Owning and operating golf courses is not a core government function. It is effectively competing against private enterprises that usually do the job at a lower cost and higher quality.

A number of cities, such as Chicago, Indianapolis, Charlotte, and Phoenix have used what’s been called the “Yellow Pages Test.” The thinking is simple: if a city is delivering a service that you can find in the Yellow Pages, or on Google these days, then it is something the city should consider outsourcing or privatizing. Under Governor George Allen, Virginia was a leader in applying this common sense principle. That was then. Read on, and you’ll learn what is happening now.

Government owned golf courses are a great example of where the Yellow Pages Test should be applied in the Old Dominion. There are scores of private golf courses open to the public in Virginia, with several more that operate on a membership basis. Providing a state-run golf course is not a core function of government akin to public safety.

Recognizing that golf is not an essential government service, many other cities and states are turning to the private sector to operate and manage their courses, which can improve operations and customer service, upgrade facilities, enhance maintenance, and turn around underperforming or money-losing courses. Hundreds of municipal golf courses nationally are under private management agreements or leases.

Here’s the problem – it is hard to tell how many golf courses the Commonwealth owns and operates. A high ranking official from the McDonnell Administration who had jurisdiction over such assets claimed the state owned none. A quick web search found Virginia Tech owned and operates a golf facility, open to “students, faculty/ staff and public” with “ complete club repair service is available, with a one day turn- around time on all re-gripping” and a “pro shop (that) offers a comprehensive line of services”. An inquiry to the Division of Real Estate Services of the Virginia Department of General Services, which is mandated by state law to maintain an inventory of all state owned land, found the state inventory “does not track an agency’s specific recreational uses of a property”.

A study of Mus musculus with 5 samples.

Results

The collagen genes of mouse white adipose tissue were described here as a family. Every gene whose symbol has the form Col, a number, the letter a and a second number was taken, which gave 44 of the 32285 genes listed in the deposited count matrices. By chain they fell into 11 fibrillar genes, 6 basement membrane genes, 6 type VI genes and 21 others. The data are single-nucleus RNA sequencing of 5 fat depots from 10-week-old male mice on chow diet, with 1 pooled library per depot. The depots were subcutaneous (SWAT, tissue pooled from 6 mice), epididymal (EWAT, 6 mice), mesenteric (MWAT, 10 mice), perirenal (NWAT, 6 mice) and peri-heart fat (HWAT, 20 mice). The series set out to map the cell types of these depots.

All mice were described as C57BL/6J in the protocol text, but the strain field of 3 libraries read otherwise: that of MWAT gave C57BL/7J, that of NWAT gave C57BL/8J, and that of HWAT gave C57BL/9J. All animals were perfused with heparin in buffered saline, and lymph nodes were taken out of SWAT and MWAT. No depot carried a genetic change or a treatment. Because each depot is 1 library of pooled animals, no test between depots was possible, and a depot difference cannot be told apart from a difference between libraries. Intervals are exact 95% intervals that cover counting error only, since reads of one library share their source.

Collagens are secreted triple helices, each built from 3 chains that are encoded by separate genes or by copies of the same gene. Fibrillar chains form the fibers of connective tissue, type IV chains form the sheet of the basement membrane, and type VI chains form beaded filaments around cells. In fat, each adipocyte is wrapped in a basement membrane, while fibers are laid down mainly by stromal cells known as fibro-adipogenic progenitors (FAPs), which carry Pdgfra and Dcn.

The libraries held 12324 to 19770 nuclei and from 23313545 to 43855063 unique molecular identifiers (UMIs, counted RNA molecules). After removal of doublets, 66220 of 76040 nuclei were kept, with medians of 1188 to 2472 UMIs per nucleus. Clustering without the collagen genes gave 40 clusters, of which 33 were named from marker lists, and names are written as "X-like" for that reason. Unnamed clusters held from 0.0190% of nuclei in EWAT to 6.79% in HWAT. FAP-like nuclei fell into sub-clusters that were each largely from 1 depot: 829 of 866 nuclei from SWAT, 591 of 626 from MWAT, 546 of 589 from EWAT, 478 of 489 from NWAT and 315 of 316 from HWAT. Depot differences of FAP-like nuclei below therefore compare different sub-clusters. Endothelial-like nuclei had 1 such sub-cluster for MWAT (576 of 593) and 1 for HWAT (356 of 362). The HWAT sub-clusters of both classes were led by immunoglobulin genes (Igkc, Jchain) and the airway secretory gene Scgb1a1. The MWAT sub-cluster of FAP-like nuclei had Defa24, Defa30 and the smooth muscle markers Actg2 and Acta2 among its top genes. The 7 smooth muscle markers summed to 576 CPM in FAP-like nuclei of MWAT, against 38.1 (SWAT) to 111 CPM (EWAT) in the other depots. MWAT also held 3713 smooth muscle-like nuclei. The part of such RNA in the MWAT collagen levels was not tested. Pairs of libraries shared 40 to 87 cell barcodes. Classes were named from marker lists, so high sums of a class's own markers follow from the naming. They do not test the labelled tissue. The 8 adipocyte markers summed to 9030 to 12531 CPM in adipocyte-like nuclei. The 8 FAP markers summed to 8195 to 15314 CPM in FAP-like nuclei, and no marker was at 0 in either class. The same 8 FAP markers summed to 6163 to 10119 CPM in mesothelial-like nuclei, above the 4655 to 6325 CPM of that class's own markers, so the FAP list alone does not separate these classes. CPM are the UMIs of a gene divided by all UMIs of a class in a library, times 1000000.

To fix this, Delegate Jim LeMunyon (R-Fairfax) has introduced HB 790, a bill to require the Department of General Services to provide a listing of all real property owned by the Commonwealth on the Department’s website, with a description of such property to include parcel identification in addition to a street address.

When a private manager took over Cook County, Illinois’ 10 courses—one of the largest systems nationally—they turned a $2 million annual loss into a yearly net profit of more than $1 million.

Within two years of taking over Tulsa, Oklahoma’s four golf courses in 2008—which were running in the red and threatened with closure—a private manager was able to increase net operating income by more than $1 million and increase usage by over 30 percent.

Tucson, Arizona, recently hired a golf management firm to take over its links, addressing the city’s $8 million deficit in golf operations. The Phoenix, Arizona city council voted to contract out the maintenance and concessions at five of its money-losing public golf courses. The city also plans to hire a golf consultant to develop a turnaround plan to eliminate its $2.4 million annual golf-operating deficit.

Like Tucson and Phoenix, Virginia should be looking for every opportunity to tap the private market to get taxpayers a better deal on services, balance budgets and concentrate on core government functions like public safety. Instead of spending millions on sprinklers and turf, the commonwealth should be looking to get out of the golf game.

Utah state representative Kay Christofferson (R-Lehi) is working on legislation that would call upon the state to privatize the operations of the state’s four golf courses, which are running $1.2 million in the red. “Why are we competing against people that provide that service? Let’s put it out for a [proposal] and see if we can get somebody to operate this privately,” Christofferson told the Daily Herald newspaper in Utah.

A sound proposition the General Assembly and McAuliffe Administration should embrace.